When the Rays picked Garrett Whitley in the first round this year, it was questioned whether he would even fall that far. Baseball America ranked him as high as seventh in the 2015 draft class. The fact that the Rays were able to grab him at No. 13 was instantly considered an ingenious move.
At the time of the draft, many scouts raved about Whitley's speed, which was a consistent plus among all reports. In video, he makes every ground ball a close play with his quickness out of the box. The speed leads him to be an above average defender in the outfield, and MLB.com's report on Whitley says "he has a better arm than most players" in center field.
In pre-draft scouting reports, Whitley was criticized for lacking the ability to hit for average. Unfortunately, that rang true when Whitley reached the Gulf Coast League, and he hit for just a .188 average in 30 games there. With short-season Hudson Valley, Whitley did not perform any better in 12 games, and his average fell to a paltry .143. Christopher Crawford of Baseball Prospectus says Whitley's approach needs a lot of work, and Whitley has been criticized for facing pitchers who throw in the 70s and 80s in high school as opposed to players "in Georgia routinely facing guys who hit 90." Both of those factors could be attributed to his inability to hit for average.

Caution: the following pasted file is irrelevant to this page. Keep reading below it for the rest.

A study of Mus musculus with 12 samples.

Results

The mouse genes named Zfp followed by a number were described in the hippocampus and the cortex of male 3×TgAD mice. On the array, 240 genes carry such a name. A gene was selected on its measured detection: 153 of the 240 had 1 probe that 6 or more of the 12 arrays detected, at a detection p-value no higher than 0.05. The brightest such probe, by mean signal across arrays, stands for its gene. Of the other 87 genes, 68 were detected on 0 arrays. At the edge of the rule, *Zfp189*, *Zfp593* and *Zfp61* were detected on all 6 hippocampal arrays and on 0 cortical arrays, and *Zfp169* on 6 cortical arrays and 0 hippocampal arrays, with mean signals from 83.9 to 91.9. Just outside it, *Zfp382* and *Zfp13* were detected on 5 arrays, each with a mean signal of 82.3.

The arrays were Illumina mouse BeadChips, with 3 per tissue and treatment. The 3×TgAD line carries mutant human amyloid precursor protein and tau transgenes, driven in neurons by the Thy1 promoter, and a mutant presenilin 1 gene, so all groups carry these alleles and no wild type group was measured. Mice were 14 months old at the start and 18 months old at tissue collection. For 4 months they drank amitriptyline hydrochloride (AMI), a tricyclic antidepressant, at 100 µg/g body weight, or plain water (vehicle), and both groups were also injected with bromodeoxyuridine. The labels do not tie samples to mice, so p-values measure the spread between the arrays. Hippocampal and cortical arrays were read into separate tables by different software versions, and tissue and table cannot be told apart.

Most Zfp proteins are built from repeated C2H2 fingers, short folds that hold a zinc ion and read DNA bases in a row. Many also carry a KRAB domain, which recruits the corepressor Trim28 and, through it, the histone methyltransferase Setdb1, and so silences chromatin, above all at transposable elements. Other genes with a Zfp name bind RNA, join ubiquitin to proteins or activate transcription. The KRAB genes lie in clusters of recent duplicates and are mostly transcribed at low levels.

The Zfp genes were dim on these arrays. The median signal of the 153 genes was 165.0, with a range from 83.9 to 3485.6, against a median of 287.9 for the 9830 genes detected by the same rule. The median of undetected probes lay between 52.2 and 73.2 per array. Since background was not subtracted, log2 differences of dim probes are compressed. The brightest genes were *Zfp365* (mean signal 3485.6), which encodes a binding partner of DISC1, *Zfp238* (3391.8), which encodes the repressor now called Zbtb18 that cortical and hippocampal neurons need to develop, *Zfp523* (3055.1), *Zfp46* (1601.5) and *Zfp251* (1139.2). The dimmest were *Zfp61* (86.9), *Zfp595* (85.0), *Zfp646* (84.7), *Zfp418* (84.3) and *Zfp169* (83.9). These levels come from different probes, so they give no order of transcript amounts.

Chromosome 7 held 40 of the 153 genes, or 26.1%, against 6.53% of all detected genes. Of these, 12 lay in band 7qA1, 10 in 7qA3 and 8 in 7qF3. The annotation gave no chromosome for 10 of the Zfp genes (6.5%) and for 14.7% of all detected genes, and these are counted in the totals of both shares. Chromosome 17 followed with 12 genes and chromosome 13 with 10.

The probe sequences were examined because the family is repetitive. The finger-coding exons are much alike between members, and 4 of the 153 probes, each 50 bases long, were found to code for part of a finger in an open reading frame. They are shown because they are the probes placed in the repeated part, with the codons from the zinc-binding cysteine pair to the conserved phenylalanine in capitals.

On the other hand, Whitley has the potential to posses above-average power from the right side. While Whitley had a .188 average in the GCL, his power flashed with a .177 ISO, and half of his 18 hits were for extra bases, including three home runs. MLB.com gives Whitley's power a 55 rating.
Whitley has the ability to become at least a four-tool player with his speed, glove, arm, and power. If the contact comes around, it should augment his power and upgrade him to a five-tool player. His floor has been described as all speed and defense, but he has also drawn comparisons to prime Grady Sizemore along with Torii Hunter if the hitting comes together.